A Microsoft subsidiary in Japan recently conducted an experiment that is something that almost all of the employees would prefer; a reduction of a day in the workweek. Yes, an experiment that involved reducing the workweek to four days was conducted. The experiment led to a 40% increase in the productivity of the employees as per Microsoft.
The experiment was part of Microsoft’s ‘Work-Life Choice Challenge.’ It is a summer project that is aimed at examining work-life balance and thus helping to boost creativity and productivity by allowing employees to have more flexible working hours.
Every Friday, Microsoft Japan would close its offices in August and learned that labor productivity increased by 39.9% percent as opposed to August 2018. Full-time employees were given paid leaves during these closures. The company said that it also implemented a 30-minute limit on meetings and was able to save time that is spent in meetings while encouraging remote communication.
Microsoft is not the first company to highlight the fact that a four-day workweek results in enhanced productivity. Andrew Barnes, who is the founder of Perpetual Garden – an estate-planning firm in New Zealand – told that he carried out a similar experiment and learned that a four-day week not only benefited the employees but the company as well. The company has since then opted for the four-day workweek permanently.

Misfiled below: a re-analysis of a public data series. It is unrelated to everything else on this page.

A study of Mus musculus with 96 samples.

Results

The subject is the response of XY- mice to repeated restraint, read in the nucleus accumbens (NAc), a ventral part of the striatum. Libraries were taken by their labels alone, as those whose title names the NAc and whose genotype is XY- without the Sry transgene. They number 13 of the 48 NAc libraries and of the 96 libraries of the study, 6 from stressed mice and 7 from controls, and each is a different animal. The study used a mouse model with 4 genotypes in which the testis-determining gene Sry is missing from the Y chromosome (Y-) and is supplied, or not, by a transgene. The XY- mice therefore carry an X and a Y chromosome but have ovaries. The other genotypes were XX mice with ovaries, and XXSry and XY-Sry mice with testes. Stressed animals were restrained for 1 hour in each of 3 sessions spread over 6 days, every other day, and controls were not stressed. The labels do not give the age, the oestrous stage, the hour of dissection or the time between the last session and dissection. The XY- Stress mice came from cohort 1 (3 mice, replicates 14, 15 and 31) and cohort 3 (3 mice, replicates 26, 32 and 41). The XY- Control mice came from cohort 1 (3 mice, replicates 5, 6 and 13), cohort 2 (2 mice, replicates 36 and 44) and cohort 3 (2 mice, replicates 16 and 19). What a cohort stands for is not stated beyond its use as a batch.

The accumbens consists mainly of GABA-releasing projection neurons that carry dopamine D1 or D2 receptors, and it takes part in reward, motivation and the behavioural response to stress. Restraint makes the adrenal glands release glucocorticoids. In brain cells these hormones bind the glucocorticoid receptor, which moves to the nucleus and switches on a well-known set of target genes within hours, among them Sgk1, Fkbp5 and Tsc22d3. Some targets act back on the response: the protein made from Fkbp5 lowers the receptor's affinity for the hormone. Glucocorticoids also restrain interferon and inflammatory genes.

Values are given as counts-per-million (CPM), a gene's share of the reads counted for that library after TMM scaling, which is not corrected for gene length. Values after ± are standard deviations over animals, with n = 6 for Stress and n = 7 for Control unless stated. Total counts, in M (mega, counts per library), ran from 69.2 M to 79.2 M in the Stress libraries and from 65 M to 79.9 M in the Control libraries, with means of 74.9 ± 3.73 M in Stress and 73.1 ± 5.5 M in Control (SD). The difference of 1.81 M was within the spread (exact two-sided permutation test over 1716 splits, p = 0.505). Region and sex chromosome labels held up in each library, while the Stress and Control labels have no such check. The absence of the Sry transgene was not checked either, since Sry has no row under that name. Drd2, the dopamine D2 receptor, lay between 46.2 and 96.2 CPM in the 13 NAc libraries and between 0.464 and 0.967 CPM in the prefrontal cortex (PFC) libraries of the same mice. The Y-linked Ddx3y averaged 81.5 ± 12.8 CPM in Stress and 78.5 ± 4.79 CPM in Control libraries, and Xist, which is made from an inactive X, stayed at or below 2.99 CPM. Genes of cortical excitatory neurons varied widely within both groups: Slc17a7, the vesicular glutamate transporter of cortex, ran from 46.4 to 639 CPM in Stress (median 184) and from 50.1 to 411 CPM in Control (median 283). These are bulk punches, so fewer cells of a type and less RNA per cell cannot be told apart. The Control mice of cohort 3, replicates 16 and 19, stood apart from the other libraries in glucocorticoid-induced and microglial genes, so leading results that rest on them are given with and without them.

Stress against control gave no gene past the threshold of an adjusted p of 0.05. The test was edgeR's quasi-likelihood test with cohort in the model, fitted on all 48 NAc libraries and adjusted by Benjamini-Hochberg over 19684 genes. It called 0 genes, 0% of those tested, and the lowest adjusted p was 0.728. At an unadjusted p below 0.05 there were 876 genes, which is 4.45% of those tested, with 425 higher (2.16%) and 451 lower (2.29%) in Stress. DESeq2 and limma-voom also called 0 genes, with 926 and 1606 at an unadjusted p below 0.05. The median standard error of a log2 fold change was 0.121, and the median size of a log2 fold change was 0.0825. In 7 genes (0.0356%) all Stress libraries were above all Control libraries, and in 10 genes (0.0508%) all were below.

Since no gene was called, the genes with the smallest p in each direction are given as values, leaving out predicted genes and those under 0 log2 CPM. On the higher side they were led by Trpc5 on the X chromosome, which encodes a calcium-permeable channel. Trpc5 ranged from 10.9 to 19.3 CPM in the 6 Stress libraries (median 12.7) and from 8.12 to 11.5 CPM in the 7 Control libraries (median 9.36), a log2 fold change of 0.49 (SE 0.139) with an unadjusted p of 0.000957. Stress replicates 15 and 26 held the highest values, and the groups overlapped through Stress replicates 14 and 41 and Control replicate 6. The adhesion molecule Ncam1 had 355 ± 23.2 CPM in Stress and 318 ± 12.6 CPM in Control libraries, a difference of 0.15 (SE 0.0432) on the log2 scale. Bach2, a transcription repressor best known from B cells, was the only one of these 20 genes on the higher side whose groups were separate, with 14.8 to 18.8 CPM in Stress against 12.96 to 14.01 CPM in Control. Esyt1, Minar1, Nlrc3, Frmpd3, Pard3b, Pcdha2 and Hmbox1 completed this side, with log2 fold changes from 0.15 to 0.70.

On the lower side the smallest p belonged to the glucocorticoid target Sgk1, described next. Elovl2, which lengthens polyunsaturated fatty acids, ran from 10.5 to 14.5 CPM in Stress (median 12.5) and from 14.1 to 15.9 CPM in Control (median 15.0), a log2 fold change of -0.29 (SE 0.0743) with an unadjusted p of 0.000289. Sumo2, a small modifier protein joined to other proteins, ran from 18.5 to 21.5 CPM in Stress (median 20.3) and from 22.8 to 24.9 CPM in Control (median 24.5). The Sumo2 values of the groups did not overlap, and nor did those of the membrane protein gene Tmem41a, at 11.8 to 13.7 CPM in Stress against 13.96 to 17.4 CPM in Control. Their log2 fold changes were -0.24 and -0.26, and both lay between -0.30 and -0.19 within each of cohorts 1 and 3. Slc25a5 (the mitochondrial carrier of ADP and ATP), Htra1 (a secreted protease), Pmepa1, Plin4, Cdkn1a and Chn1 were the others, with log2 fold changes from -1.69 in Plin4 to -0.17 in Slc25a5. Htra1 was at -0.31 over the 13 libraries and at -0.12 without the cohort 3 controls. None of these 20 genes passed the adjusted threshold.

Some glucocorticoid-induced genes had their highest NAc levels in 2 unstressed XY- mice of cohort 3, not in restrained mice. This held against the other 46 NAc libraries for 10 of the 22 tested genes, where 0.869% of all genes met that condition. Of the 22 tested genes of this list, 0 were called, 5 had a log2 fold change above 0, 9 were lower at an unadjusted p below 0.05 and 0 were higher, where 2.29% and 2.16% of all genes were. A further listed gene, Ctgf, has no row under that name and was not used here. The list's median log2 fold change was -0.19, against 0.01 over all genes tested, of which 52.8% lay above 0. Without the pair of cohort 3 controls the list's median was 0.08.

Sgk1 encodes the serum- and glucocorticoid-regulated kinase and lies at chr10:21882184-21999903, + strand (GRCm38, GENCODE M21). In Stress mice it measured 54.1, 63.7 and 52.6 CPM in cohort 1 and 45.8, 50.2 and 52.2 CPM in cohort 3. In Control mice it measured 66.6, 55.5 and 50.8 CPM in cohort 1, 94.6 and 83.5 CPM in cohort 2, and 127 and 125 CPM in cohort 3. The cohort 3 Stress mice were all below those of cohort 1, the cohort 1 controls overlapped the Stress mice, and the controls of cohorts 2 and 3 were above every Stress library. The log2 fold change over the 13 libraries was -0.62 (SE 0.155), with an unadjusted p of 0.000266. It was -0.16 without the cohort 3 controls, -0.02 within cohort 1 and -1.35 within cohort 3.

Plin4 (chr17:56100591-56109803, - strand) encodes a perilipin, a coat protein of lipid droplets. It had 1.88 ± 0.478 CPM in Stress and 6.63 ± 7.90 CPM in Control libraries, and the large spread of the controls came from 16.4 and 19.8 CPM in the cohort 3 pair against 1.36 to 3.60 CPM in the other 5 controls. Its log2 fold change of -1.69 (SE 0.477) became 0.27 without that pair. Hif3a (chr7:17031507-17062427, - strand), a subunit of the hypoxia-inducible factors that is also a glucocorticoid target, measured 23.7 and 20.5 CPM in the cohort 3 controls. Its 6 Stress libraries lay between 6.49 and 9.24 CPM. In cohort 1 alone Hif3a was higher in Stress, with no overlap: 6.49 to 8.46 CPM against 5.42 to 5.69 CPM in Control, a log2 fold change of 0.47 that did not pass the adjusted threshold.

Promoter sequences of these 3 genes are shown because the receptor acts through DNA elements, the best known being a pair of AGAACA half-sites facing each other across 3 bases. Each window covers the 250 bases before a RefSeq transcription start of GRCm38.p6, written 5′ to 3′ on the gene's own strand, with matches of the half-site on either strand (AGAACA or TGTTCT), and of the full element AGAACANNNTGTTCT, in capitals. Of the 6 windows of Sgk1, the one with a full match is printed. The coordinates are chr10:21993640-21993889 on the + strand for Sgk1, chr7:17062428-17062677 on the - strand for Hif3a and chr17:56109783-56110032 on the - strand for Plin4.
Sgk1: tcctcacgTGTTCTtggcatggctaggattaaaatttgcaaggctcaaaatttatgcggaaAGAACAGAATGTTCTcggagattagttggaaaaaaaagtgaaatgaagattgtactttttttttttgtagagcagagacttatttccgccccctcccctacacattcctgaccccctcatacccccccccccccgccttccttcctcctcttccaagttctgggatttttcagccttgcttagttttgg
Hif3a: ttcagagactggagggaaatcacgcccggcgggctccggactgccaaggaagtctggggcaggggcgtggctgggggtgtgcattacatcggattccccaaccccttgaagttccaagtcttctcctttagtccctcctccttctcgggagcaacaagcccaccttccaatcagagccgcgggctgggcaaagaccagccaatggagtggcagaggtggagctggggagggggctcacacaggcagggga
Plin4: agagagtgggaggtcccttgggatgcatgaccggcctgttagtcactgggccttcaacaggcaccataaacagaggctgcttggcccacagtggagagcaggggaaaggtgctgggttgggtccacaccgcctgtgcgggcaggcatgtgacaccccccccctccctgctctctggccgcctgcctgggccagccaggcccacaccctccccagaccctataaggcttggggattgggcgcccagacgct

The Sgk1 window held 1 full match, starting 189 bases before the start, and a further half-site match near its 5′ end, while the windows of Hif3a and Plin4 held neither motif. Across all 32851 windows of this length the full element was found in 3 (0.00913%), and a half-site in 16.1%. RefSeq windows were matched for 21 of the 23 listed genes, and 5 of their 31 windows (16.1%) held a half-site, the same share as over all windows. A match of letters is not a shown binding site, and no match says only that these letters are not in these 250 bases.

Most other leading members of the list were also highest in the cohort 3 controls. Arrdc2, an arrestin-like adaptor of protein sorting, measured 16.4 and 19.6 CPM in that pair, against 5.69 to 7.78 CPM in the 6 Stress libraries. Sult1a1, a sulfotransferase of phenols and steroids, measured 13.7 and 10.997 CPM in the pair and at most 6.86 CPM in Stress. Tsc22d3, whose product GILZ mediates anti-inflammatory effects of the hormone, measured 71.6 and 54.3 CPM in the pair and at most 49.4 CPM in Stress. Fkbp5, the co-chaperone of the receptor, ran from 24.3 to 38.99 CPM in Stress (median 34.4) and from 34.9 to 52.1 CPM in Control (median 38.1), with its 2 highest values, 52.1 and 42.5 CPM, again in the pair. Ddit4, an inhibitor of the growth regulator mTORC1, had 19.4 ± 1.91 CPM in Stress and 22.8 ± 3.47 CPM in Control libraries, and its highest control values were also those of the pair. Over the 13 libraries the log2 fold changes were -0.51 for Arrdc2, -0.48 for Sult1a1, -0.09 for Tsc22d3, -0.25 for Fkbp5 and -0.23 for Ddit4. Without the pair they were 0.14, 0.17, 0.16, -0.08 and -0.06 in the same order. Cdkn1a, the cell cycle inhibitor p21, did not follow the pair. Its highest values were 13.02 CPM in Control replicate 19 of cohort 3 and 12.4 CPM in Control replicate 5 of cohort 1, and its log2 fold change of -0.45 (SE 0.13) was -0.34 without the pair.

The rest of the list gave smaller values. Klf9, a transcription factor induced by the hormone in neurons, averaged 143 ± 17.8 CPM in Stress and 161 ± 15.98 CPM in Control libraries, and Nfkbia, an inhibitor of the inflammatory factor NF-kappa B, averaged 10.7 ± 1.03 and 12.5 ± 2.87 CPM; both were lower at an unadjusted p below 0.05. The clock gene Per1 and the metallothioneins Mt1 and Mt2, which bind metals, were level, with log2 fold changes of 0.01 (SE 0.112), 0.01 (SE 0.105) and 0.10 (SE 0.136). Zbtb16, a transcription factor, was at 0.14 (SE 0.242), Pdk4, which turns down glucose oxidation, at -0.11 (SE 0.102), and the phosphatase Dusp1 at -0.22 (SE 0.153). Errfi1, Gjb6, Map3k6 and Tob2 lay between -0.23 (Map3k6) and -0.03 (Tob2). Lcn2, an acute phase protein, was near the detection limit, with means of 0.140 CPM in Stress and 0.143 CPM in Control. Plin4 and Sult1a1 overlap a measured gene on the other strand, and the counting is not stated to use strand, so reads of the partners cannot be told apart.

Furthermore, studies have proven that there does exist a demand for a shorter workweek. In fact, during a study that was conducted last year, about 3,000 workers in eight countries by the Workforce Institute at Kronos and Future Workplace were reached out to, and most of them said that their ideal workplace would have a workweek of four days or less. It was not just the employees that were able to benefit from the four-day workweek at Microsoft. Microsoft also told that it was able to save electricity and office resources as well. The number of pages that were printed was reduced by 58.7%, while electricity consumption was reduced by 23.1%.